I had the pleasure to host PhD student Nadia Andreani from the University of Padova for a six month stay. She wrote the following blog post about her time in Cornwall, which I am publishing now, a day after she returned to Italy, here goes!
I am Nadia Andreani, a third-year PhD student from Italy, visiting the Coastal Pathogen group at the ECEHH. When I had to decide what to do for my internship, I strongly wanted to find something interesting and new and, because of my great interest in bacterial genomics, I straightforward decided to ask hospitality to Michiel.
As in that period (September 2014) I was struggling with some bioinformatics analyses on my PhD project, the first idea for this internship was to apply different bioinformatic tools to try to analyse in depth some data coming from the complete sequencing of the genomes of 4 of my Pseudomonas fluorescens strains.
Just some little notes about my Pseudomonas fluorescens strains: the Pseudomonas fluorescens group comprises several Gram negative, rod-shaped, aerobic, mesophilic and psychrotolerant bacteria, characterized by extreme versatility and adaptability. A major concern about this microbial group is food spoilage. Microbial contamination by these strains can result in unpleasant changes in appearance, texture, flavour and odour that spoil food. In 2010 in Italy, 70000 balls of mozzarella cheese were seized after consumers saw that the white cheese turned blue after the package was opened. The batches of blue mozzarella have been found all over the country.The first part of my PhD allowed the identification of the strains able to produce this strange blue pigment. However, the chemical nature of the blue pigment is still unknown.
Only just before my arrival here, some genomic analyses revealed the presence of some genes clearly involved in the blue pigment production. As I solved my bioinformatics issues before coming here, the project moved on quite different topics. First of all I performed a random mutagenesis of one of my blue strain to experimentally verify the genes involved in the blue pigment production. As the blue pigment is a clearly visible phenotype, the idea was to randomly insert transposons in the bacterial genome. If insertions end up in a gene involved in the pigment production, the strain will be no more able to produce it and appear white. The sequencing of the genomic DNA surrounding the transposon in these strains then allows confirmation of the genes involved in the blue pigment production.
Next, competition experiments using blue and white mutants was performed to identify the competitive advantage of pigment production: is iron necessary to produce the blue pigment? Is the blue pigment a siderophore (or rather a molecule to catch iron from the environment)? Is the blue pigment protective against low temperatures as it is not produced above 30°C? The experiments I performed here revealed that iron enhances the production of the blue pigment, but it’s not a siderophore. Moreover, the blue pigment seems not to be involved in protection against cold temperatures. In this last week, I also performed a challenge test, inoculating a blue and a white mutant on bacon and mozzarella cheese. The idea was to understand if the blue pigmenting strains were doing better than the white ones in food. Actually, it doesn’t seem so! The second part of this internship was spent to isolate bacteriophages from the environment. As Pseudomonas fluorescens is still a problem for the dairy industry, the idea was the use of bacteriophages as a novel and safe option for the treatment of these contaminants . Actually I was really unlucky: I analysed 34 samples of leaves/flowers/grass/mushrooms, 27 samples of soil, 19 samples of water, 32 samples of sewage (yes, sewage!!!) and 10 samples of animal poo (amazing stuff!!), but with no success! I also applied some of Abi’s seaweed extracts to see if some were active against my Pseudomonas strains: a couple of them were… this was a nice result, maybe for a future collaboration!!!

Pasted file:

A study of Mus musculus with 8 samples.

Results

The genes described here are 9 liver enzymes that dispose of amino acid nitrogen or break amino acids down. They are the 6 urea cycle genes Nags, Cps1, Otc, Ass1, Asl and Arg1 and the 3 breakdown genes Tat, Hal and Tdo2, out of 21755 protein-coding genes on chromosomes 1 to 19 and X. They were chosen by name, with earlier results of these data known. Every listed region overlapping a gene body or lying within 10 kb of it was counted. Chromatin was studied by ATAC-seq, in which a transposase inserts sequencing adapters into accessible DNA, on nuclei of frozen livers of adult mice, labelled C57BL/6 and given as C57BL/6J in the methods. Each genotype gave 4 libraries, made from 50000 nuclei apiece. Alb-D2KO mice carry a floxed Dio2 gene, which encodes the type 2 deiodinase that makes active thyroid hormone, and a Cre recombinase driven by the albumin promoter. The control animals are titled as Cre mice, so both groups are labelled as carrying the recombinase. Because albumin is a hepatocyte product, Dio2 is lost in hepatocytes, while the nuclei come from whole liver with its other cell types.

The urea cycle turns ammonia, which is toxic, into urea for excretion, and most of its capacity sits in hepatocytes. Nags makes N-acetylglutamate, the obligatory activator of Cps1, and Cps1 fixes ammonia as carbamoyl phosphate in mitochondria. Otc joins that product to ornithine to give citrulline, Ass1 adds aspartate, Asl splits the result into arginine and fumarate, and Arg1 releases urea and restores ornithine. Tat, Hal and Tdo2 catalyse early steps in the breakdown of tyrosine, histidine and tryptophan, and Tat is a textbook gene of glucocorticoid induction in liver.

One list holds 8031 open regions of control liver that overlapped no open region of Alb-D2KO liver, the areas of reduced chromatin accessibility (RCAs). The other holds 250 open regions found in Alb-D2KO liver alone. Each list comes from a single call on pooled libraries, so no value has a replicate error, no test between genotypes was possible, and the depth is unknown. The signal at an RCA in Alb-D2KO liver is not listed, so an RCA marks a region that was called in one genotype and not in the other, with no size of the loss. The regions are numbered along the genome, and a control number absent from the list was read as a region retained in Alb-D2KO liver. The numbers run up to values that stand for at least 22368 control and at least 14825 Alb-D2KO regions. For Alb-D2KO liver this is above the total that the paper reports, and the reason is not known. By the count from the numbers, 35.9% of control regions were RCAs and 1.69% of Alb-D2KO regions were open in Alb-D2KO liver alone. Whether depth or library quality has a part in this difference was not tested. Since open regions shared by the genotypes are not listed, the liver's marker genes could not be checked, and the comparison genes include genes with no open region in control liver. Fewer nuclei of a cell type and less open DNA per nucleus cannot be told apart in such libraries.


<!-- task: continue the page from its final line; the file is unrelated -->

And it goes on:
Finally, I worked on a Bioinformatics project, starting from an idea of Michiel. The main questions of this project was: Is there any correlation between homologous and non-homologous recombination in bacteria? The project is based on the use of an online software package, odose, that allows several analyses within bacterial species. Now the system is under maintenance , but I hope to finish soon all the analyses and, maybe, to write a nice paper!
During my stay here I had the opportunity to attend several seminars and two interesting workshops: the first was about storytelling in science and the second one was about Matlab. Even if the Matlab workshop was really helpful for my bioinformatics project, my favourite one has been the workshop about writing science stories for children, because it gave me the opportunity to write my own book. “The Adventures of Flo, the special Bacterium” will be published really soon as part of a science book series for young independent readers! The main character is Flo, a young Pseudomonas fluorescens strain, having some issues in controlling the production of his blue pigment.
And that’s all, I think…I had a great time here and I really hope to come back soon. This experience was great: I can say that I am grown a lot! I have learnt lots of new things and my PhD project sounds to be now close to the end! The research group is amazing and I really want to thank Michiel, Will, Lihong, Anne, Aimee, Amy, Andy and Abi to make me feel at home and for the help during these six months… it was a pleasure to work with you!